The sustainability officer is responsible for providing an ongoing evaluation of the company's profits, personnel, ecological outlook, and other factors that affect company performance. He or she reports directly to the Chief Executive Officer (CEO), or an executive management team. The position of the sustainability officer is to have direct contact with most, if not all, of the personnel involved in the production process. The job requires a person who is dedicated to reducing the company's carbon footprint, in and above compliance to environmental regulations set by the government. The position is multi-faceted and provides the opportunity to be involved at almost every level of production.
Although often connected with environmental issues such as water and energy use, a growing number of companies are taking sustainability efforts much further by improving working conditions in their supply chain, creating better safety procedures, and reaping profits from products that address environmental and social problems.
Companies are often engaged in sustainability at one of three stages:
Compliance: In this initial phase, companies often start with activities related to complying with regulations. In addition to compliance, employees may volunteer to work on recycling projects or green teams. Most companies at this stage have not created a formal CSO position.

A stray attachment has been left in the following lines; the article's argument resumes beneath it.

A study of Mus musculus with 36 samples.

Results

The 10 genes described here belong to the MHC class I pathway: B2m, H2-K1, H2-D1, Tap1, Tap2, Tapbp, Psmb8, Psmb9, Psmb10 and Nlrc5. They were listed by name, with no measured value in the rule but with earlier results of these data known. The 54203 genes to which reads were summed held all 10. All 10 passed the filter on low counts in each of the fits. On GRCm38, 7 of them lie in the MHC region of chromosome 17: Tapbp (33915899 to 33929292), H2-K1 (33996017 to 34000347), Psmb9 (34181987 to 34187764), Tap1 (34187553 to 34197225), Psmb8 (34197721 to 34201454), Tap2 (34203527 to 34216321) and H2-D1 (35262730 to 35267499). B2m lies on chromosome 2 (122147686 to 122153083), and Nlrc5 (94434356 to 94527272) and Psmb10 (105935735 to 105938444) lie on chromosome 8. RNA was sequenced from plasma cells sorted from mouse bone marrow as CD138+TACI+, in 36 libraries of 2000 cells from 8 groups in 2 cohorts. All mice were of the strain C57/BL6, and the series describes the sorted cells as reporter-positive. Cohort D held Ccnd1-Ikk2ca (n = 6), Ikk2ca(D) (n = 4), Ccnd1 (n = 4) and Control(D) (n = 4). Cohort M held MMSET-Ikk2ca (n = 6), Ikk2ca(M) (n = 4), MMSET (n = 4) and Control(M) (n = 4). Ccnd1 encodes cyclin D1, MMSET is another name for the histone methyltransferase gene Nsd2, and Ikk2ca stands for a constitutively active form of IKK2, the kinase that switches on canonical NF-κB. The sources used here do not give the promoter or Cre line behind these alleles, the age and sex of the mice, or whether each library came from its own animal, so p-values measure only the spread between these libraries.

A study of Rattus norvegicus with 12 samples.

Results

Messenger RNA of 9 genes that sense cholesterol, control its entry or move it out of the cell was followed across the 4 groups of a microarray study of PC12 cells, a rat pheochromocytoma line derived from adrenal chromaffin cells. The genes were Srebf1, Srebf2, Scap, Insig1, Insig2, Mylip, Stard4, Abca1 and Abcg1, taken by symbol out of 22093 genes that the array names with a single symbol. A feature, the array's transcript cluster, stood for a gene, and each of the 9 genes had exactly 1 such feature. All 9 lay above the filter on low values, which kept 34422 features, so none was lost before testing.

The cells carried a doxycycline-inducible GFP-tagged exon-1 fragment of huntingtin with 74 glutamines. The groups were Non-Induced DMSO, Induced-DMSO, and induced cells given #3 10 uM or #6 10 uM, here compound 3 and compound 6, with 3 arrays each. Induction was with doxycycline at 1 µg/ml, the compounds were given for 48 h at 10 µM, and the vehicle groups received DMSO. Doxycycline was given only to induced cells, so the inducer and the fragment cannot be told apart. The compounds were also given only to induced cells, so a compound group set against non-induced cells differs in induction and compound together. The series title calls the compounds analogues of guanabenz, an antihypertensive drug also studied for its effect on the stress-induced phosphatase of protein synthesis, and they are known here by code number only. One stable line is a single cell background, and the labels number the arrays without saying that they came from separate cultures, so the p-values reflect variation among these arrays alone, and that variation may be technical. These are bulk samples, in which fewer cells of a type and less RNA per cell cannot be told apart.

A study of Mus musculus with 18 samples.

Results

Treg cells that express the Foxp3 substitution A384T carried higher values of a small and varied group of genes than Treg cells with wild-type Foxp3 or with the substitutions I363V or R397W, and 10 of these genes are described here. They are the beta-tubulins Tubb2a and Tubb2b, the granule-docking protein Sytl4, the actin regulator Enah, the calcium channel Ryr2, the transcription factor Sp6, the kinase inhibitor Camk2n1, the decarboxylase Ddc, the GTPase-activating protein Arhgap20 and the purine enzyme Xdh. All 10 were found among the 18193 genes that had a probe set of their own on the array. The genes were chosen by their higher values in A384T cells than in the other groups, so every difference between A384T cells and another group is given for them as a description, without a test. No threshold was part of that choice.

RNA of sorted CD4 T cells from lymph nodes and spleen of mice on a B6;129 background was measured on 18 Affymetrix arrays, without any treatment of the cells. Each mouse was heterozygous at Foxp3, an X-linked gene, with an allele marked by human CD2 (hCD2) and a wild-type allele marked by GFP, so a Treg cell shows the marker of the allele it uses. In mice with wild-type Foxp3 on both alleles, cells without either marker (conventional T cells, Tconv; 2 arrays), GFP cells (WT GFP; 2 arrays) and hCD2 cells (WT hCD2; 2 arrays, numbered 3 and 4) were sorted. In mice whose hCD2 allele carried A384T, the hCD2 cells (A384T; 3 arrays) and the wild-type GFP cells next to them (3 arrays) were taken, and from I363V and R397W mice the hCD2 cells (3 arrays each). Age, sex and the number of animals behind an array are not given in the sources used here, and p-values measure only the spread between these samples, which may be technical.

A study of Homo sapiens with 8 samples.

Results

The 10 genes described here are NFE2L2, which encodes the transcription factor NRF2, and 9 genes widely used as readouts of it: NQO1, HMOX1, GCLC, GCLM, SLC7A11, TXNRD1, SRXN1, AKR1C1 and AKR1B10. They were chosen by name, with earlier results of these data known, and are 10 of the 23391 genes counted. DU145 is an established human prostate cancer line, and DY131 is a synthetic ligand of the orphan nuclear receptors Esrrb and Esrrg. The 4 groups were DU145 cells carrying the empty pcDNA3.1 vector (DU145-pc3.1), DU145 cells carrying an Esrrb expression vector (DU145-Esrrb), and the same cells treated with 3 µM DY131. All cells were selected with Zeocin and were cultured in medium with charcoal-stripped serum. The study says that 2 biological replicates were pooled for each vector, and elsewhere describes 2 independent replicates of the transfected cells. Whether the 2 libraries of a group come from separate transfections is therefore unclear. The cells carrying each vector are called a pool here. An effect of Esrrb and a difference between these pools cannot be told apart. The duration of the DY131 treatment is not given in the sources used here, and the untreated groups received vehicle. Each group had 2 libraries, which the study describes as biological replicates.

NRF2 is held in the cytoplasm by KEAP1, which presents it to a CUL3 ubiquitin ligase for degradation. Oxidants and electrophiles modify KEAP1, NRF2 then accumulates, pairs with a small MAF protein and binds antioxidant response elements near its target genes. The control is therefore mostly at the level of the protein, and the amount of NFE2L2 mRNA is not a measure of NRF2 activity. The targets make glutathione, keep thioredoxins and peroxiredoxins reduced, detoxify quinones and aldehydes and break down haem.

Efficiency: In this phase, companies become more strategic about sustainability by finding ways to achieve efficiencies that will save corporate dollars, such as cutting energy and water use or reducing waste generation and carbon emissions. At this stage, more companies are likely to hire or appoint an official corporate sustainability officer, who works with the CEO.
Innovation: This is a more advanced innovative stage, where companies integrate sustainability into the core of the business in ways that transform the company. Strategies tend to be driven by the market with an eye on maximizing long-term profitability, and sustainability efforts often look to address bigger problems in society, including climate change, water management, and obesity.
A sustainability officer's workplace is throughout the entire company. Personnel are interviewed while qualitative and quantitative data are gathered in order to provide 'white papers' or reports to the CEO or executive team members. Reports are generated every quarter or three months. During those times that the sustainability officer is not gathering data, he or she usually has a private office suite in which to study relevant data and compile reports.
This role is relatively new; current sustainability officers typically have a master's degree in business administration and seek certification in sustainability in order to advance to this position. A person planning to become a sustainability officer would do well to complete an MBA and certification concurrently. Two to five years experience in a supervisory role in business, with increased responsibility, are valuable gateways to becoming a sustainability officer.